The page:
By Maloree Anderson
Jun 08, 2018

Engaging Parents in Scouting

I had the pleasure of attending one of Mat Greenfield’s classes during the 2018 University of Scouting. I was impressed with his presentation on “Engaging Parents in Scouting” and couldn’t wait to share it with our readers. This is what he had to say:

Parents play a key role in the Scouting community. Often parents are what make up the unit’s leadership and are the deciding factor on whether or not their child lives Scouting’s adventure to the fullest. In this article you’ll learn how to identify where someone is on their feelings in Scouting and how to engage them.

Think of Scouting as a pyramid (see right) that is made up of four types of Scouters: Detractors, Neutrals, Supporters, and Champions. The pyramid model is based on the idea that each of these people have different perspectives on Scouting.

Your first step in engaging parents (and others) in Scouting is to analyze their Scouting perception. Are they a Detractor, Neutral, Supporter or Champion of Scouting? Below is a list of qualities for each type of Scouter:


Reason: More likely to have had a specific incident or reason from their past that caused them to fall into the detractor group. (Many times this is the case. Most people don’t just hate Scouting. There is a reason why.)

  • Verbally disses Scouting
  • Goes out of their way to give Scouting a bad reputation
  • Actively encourages their Scout to go to other activities instead of Scouting
  • Says the church is quitting Scouting because Scouting is losing its way


Reason: More likely in an unit that runs a “camping” program with no positive impact on the Scouts. They are not seeing the benefits of Scouting.

  • No encouragement from home, (doesn’t diss but doesn’t encourage)
  • Signs them up for Scouts because that’s what is asked of them
  • Goes to Scouting when it’s convenient or when nothing better is going on
  • “Couldn’t find his coat so he’s not going.”
  • Doesn’t care one way or another
  • They are excited for the babysitting potential
  • No follow through with the promises in Scouting
  • Late for troop meetings, doesn’t wear uniforms or have handbooks.
  • No effort given (whether positive or negative)
  • Don’t understand the program and the potential of the program
  • Just another church program or camping program


Reason: They have seen the positive impact of the program. They have experienced enough of the benefits that they are willing to make an effort to push for that.

  • Kids are there in uniform with books
  • Genuine attendance
  • Parents that follow through
  • Even willing to help out with the activity
  • Volunteer in the troop
  • Parents in uniform as well


Reason: They believe in Scouting and what it exemplifies and are complete supporters.

  • All “Supporter” qualities
  • Goes above and beyond in their volunteer position or as a parent of Scout
  • 100% trained
  • Does Family Scouting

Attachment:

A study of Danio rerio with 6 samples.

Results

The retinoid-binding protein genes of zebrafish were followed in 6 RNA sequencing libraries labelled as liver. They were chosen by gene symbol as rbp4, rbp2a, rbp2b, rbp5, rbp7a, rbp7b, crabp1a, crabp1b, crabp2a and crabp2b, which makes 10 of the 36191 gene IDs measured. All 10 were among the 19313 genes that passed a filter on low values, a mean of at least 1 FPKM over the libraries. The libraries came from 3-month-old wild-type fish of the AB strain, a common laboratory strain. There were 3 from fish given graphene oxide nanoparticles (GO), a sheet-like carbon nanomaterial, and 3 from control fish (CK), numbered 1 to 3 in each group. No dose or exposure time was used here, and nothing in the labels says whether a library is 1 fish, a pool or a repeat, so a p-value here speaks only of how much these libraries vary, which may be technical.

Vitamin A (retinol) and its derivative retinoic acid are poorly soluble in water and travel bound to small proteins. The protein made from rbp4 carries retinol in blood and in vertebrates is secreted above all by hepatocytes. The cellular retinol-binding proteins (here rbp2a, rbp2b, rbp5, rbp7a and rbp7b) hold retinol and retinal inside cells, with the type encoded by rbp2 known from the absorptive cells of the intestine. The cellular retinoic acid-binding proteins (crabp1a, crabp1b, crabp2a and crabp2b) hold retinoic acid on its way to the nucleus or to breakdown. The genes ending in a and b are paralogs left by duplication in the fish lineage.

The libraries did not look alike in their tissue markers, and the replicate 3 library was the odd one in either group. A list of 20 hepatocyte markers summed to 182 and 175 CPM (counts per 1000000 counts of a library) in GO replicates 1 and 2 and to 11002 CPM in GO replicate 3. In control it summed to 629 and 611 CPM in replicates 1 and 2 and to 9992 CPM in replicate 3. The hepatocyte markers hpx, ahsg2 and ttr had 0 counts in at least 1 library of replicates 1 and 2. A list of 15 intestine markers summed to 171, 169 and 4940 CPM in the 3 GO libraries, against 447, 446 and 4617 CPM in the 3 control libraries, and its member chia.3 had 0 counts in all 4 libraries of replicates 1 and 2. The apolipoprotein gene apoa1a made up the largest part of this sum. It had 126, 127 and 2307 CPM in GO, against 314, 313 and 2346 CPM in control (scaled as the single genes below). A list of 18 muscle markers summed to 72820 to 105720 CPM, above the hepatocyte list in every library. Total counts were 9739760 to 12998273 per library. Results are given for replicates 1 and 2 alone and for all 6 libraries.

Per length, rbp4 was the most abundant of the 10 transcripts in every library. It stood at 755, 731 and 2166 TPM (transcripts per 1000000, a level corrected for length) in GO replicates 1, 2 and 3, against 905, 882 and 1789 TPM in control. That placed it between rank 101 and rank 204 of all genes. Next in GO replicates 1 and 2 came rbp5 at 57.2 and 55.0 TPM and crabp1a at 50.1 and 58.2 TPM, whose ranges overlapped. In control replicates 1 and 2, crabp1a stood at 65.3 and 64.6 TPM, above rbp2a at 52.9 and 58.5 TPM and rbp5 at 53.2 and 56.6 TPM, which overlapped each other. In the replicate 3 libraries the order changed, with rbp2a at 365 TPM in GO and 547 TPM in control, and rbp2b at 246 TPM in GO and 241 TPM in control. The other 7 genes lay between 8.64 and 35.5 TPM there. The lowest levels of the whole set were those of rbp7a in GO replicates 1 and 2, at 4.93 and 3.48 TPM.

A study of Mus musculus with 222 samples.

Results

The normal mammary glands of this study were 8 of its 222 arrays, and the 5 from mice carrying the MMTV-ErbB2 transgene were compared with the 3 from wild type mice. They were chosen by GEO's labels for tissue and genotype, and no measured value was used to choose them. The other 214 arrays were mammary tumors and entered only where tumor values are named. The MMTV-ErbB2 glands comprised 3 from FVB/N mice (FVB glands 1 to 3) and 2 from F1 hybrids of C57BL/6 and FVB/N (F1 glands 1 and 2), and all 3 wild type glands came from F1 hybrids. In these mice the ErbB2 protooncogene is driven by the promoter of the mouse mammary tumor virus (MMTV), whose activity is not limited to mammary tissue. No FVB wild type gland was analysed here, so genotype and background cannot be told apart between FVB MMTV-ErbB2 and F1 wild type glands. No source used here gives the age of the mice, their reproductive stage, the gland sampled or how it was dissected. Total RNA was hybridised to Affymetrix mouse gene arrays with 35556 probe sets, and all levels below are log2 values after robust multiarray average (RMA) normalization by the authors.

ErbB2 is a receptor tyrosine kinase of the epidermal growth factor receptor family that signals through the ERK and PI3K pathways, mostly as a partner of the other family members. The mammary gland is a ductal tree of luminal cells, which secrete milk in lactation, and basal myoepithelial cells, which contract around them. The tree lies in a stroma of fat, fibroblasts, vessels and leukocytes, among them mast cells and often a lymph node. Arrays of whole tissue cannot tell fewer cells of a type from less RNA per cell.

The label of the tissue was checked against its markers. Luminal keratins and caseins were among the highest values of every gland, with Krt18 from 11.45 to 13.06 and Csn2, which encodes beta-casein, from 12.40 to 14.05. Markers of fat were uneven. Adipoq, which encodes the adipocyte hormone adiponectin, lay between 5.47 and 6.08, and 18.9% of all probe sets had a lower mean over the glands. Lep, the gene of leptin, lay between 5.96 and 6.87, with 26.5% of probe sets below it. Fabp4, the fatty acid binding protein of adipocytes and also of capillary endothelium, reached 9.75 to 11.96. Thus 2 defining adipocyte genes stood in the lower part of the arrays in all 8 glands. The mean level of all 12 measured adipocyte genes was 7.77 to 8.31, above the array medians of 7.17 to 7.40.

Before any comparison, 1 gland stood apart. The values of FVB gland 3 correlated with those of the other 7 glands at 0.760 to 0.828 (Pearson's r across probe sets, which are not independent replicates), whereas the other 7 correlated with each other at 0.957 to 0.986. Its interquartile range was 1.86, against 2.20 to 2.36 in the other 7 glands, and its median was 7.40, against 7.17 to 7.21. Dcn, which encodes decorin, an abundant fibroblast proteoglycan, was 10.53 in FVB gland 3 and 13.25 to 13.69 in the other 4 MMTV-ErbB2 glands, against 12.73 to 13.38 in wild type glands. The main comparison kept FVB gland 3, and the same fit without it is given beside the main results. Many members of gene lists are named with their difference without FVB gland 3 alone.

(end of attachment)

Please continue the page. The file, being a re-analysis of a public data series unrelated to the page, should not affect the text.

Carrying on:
• Any Scouter that attends University of Scouting (They are giving up a Saturday for their Scouting education!)
  • They will go out of their way to grow with the program.

Once you have established where they fall in the pyramid, your next step is to improve their perception based on their current understand of Scouting, (level up on the pyramid). This will be a case by case basis and some people will take longer than others. Keep in mind that individuals can’t jump levels either. Here are tips on how to support Scouters in their journey to the top of the pyramid:

Detractor to a Neutral:

Neutral to Supporter:

Supporter to Champion:

  • Understand what the incident was and try to resolve it with them. Case by case basis. Do it by the principles of Scouting and the gospel. Do it as a friend. Resolve concerns.
  • Assign a Champion for the point of contact for the Detractor to work with that person to help resolve their issues.
  • Pray for them and their family
  • Be a trustful leader (friend). Have a personal relationship with the Scout leader. Developing a relationship even outside of Scouting.
  • Give them high quality activities where the Scout WANTS to go to Scouts and the parents see that. They see the program is worth it.
  • Be more inviting. Boys, parents, leaders. Always positively invite!
  • Try to work with their schedules
  • Support the parent. Help simplify Scouting. Make Scouting easy!
  • The Neutral has an information problem. Be there and give them resources.
  • Be helpful, not forceful.
  • Get the Scouts and parents involved in what they are interested in
  • Experience the program in a positive way
  • You get champions by experience, seeing the vision, and engineering positive experience.
  • Callings – you want people to volunteer to be active in your program
  • Wood Badge – the function of Wood Badge is to move your high end Neutral to Supporter and Supporter to Champion.

Be patient with the parents. This will take time and a lot of diligence. Moving up through the levels will happen by specific actions. You can engineer those events that help improve the person’s Scouting impressions. Be the person that changes the perception of Scouting into a positive, captivating, worth-while, adventurous experience one parent at a time. By doing so you’ll have exceptional engagement.



Author: Maloree Anderson | is a photographer, graphic designer, mom of one, friend of Scouting and Marketing Specialist with the Utah National Parks Council, Boy Scouts of America.